Primoz Skraba: *Euler Characteristic Surfaces*

Euler characteristic curves have been used in a number of different applications from fMRI's to classification of stone tools. Given a space with a real valued function, Euler curves assign to each value of the function the Euler characteristic of the preimage of the super (sub)-level set. In the case of random functions (such as Gaussian random fields), we usually consider the super level sets, also called excursion set. This is analogous to persistence barcodes or diagrams which consider the evolution of homology groups over varying excursion sets. For one dimensional functions, this is well understood.

Omer Bobrowski: *Random Geometric Complexes and TDA*

Topological Data Analysis (TDA) broadly refers to the use of concepts from mathematical topology to analyze data and networks. In the past decade a variety of powerful topological tools has been introduced, and were proven useful for applications in various fields (e.g. shape analysis, signal processing, neuroscience, genomic research). In this sequel talk, we will demonstrate how the theory of random geometric complexes can be used in TDA. In particular, we will discuss the analysis of ״topological noise״ that appears in topological inference problems. This study is highly useful for developing statistical methods such as filtering and hypothesis testings in TDA. We will also discuss recent developments in the study of persistent homology of random geometric complexes.

Pawel Dlotko: *Computational topology with Gudhi library*

In this talk I will present a Gudhi library (http://gudhi.gforge.inria.fr/): one of the most complete software package for computational topology. I will introduce Rips, Alpha and Withess complexes and show how to construct them given a point clouds. Later we will discuss cubical complexes and the computations that can be done with them. If time permits we will also discuss various algorithms for manifold reconstruction. At the end we will discuss Gudhi_stat, a statistical library in Gudhi. Based on simple examples we will perform various statistical operations on persistence diagrams.

Claudia Colonnello: *Early Prediction of Silo Collapse*

Cylindrical thin-walled silos are ubiquitous as industrial storage facilities for granular materials. Contact interactions with the grains may produce the deformation of the shell that conforms the wall of the silo. In particular, when the filling height of the silo is large enough, an intricate pattern of indentations develops on the wall of the silo during the gravity-driven discharge of the granular material. Moreover, when the filling height exceeds a certain critical value, an irreversible deformation of the wall occurs, that often concludes with the catastrophic collapse of the structure. The understanding and efficient prevention of this phenomenon is a challenging problem, as the elastic shell is coupled to the complex dynamics of the granular material. We perform laboratory experiments using silos made of paper and acquire sequences of digital images showing the evolution of the deformation pattern for different values of the initial filling height. The instantaneous geometric characterization of these patterns cannot distinguish in advance those processes in which the deformation will become irreversible. However, using the methods of algebraic topology we find that the dynamics of the deformation process changes significantly as the initial filling height is increased above the critical threshold. We study the implications of our results on the nature of the interaction that causes the deformation. Moreover, our results allow for an early prediction of the collapse of the silo, that can be useful for the development of an early warning system.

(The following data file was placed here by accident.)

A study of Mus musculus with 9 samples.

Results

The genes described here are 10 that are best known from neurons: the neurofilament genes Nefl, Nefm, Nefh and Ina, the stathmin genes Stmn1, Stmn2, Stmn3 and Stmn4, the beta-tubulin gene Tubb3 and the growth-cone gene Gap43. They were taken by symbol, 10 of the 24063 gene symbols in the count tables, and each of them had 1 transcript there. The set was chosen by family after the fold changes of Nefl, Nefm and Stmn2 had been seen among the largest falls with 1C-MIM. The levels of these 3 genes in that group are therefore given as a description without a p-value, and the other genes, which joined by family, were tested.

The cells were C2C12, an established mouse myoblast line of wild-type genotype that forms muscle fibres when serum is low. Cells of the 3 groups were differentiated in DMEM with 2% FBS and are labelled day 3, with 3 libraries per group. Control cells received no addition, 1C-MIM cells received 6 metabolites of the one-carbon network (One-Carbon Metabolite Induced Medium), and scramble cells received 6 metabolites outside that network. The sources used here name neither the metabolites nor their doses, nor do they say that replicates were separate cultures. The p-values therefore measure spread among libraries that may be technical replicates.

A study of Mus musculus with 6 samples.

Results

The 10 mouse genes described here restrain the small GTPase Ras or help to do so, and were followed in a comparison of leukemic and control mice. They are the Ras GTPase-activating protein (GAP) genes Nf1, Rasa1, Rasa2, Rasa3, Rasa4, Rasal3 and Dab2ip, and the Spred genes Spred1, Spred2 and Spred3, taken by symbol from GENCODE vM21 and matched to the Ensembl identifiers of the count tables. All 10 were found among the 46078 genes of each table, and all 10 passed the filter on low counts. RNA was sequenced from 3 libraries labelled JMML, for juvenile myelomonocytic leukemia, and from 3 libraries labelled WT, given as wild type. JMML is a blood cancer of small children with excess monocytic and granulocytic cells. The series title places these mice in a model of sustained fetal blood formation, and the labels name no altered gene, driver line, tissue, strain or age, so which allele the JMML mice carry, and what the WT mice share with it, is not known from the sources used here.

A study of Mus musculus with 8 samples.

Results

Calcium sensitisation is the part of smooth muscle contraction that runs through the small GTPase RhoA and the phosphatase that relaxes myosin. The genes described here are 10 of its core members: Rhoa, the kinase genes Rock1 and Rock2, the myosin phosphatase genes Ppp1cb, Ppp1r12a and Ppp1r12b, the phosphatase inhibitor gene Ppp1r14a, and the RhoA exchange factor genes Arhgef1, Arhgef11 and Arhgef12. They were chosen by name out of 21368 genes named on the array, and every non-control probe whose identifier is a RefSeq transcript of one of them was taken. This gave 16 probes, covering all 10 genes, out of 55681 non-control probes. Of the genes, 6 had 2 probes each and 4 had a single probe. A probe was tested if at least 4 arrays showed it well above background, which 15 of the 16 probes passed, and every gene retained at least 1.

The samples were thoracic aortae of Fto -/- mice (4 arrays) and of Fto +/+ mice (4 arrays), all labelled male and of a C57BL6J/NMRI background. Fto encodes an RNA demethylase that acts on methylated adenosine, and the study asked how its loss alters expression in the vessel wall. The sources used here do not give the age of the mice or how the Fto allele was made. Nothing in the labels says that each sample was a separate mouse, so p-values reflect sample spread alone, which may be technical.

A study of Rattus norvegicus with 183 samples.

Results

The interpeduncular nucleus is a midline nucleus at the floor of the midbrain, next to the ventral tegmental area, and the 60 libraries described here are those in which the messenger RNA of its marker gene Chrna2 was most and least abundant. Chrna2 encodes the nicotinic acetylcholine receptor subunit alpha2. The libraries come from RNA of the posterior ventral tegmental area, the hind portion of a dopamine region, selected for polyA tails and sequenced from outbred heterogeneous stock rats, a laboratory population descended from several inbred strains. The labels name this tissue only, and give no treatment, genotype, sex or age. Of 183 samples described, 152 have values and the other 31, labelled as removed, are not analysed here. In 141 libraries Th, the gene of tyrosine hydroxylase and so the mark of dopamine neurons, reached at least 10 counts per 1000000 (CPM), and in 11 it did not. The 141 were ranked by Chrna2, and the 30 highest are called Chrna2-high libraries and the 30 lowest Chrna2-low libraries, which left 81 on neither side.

Trinh Khanh Duy: * Law of Large Numbers for Persistence **Diagrams*

For a stationary point process on Euclidean space, we restrict it on finite windows and consider the persistence diagram of the restricted one. As the window size tends to infinity, we prove the strong law of large numbers for persistence diagrams. An analogous result also holds for binomial point process, an i.i.d. sampling from a continuous distribution on Euclidean space. The talk is based a joint work with Yasuaki Hiraoka and Tomoyuki Shirai (arXiv:1606.06518 and arXiv:1612.08371).